Highway to Boulevard Conversions Appear in Tiger II Grants


The Oak Street Connector, or Route 34, begins at the junction of Interstates 95 and 91 and extends on columns into downtown New Haven for 1.1 miles before dropping to grade and continuing as a pair of one-way streets. Built in 1959, the Connector was an urban renewal project, occupying 26 acres of land between downtown and the nearby neighborhood. The original plan was to extend the road another 10 miles, but that long section was never built. As a result, 600 families and 65 businesses were displaced to make room for a highway that was never completed. As of 2005, 73,900 vehicles traveled on the Connecter per day.

In 2002, the State of Connecticut sold off the land that had been set aside for the extension of the Oak Street Connector. In 2005, with the completion of Pfizer Pharmaceutical's research facility in the former planned right-of-way, the City of New Haven and local civic groups began calling for the replacement of the Oak Street Connector with a four-lane boulevard. A concept plan developed by RKG Associates and others identified 10 acres of vacant land to redevelop and two street connections to restore, along with a larger surrounding area to be revitalized. New Haven's Mayor, John DeStefano, Jr. included the removal of the Connector in Future Framework 2008 as an urban infill strategy. The Tri-State Transportation Campaign and the Urban Design League of New Haven have been actively campaigning for the replacement of the elevated and paired one-way sections of Route 34 with walkable, pedestrian-friendly streets and blocks.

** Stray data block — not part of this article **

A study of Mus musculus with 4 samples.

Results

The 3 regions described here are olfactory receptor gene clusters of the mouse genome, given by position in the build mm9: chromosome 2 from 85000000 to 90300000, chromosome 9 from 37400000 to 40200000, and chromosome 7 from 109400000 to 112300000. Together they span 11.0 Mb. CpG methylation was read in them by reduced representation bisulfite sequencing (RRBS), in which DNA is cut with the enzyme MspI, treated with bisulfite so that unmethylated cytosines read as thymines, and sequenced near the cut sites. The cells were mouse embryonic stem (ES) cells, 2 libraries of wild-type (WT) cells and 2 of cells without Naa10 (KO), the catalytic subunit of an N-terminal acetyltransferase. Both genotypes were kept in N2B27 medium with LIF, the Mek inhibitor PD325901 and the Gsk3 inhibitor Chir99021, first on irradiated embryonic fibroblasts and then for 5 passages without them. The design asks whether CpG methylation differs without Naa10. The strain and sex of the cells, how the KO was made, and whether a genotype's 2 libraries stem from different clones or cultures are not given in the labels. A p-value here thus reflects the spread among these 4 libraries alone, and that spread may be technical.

Learn more about the project from the City of New Haven's Website, here.



Streetsblog New York City is now reporting that a TIGER II grant has been awarded to fund a planning study for the Sheridan Expressway Corridor. Learn more about this project at Streetsblog and Tri-State Transportation Campaign.

Built in 1963, the Arthur V. Sheridan Expressway, also known as I-895, was designed by Robert Moses to connect the Bruckner Expressway with the New England Thruway in the Bronx. However, local opposition stopped its extension into the New York Botanical Gardens and left the Sheridan as a poorly connected 1.25-mile spur that mars the waterfront along the Bronx River. The Sheridan currently carries 45,000 vehicles per day, less than most of the nearby surface streets.

A New York State Department of Transportation (NYSDOT) proposal to expand the interchange connecting the Bruckner and the Sheridan to decrease the frequency of crashes and chronic congestion has faced strong opposition. A coalition of groups, under Southern Bronx River Watershed Alliance (SBRWA), developed an alternative vision in 2006. Their vision replaces the freeway with a surface street, improves street grid connectivity, and reclaims 28 acres of land for commercial development, housing and open space along the waterfront.

The Alliance's alternative vision was later included as one of the four options in the NYSDOT's impact study. NYSDOT is narrowed its options and develop a detailed Environmental Impact Statement (EIS) before proceeding to the construction phase. SBRWA called in the transportation engineering and planning firm Smart Mobility, Inc. to provide an independent engineering review of the initial DOT findings. They reported that none of the other options offered traffic advantages over the Alliance's alternative vision.

Recent set backs came in July 2010 with the NYSDOT's release of a preliminary traffic analysis that stated too many vehicles would be forced onto surface streets. The NYSDOT is expected to release draft environmental impact statements in early 2011.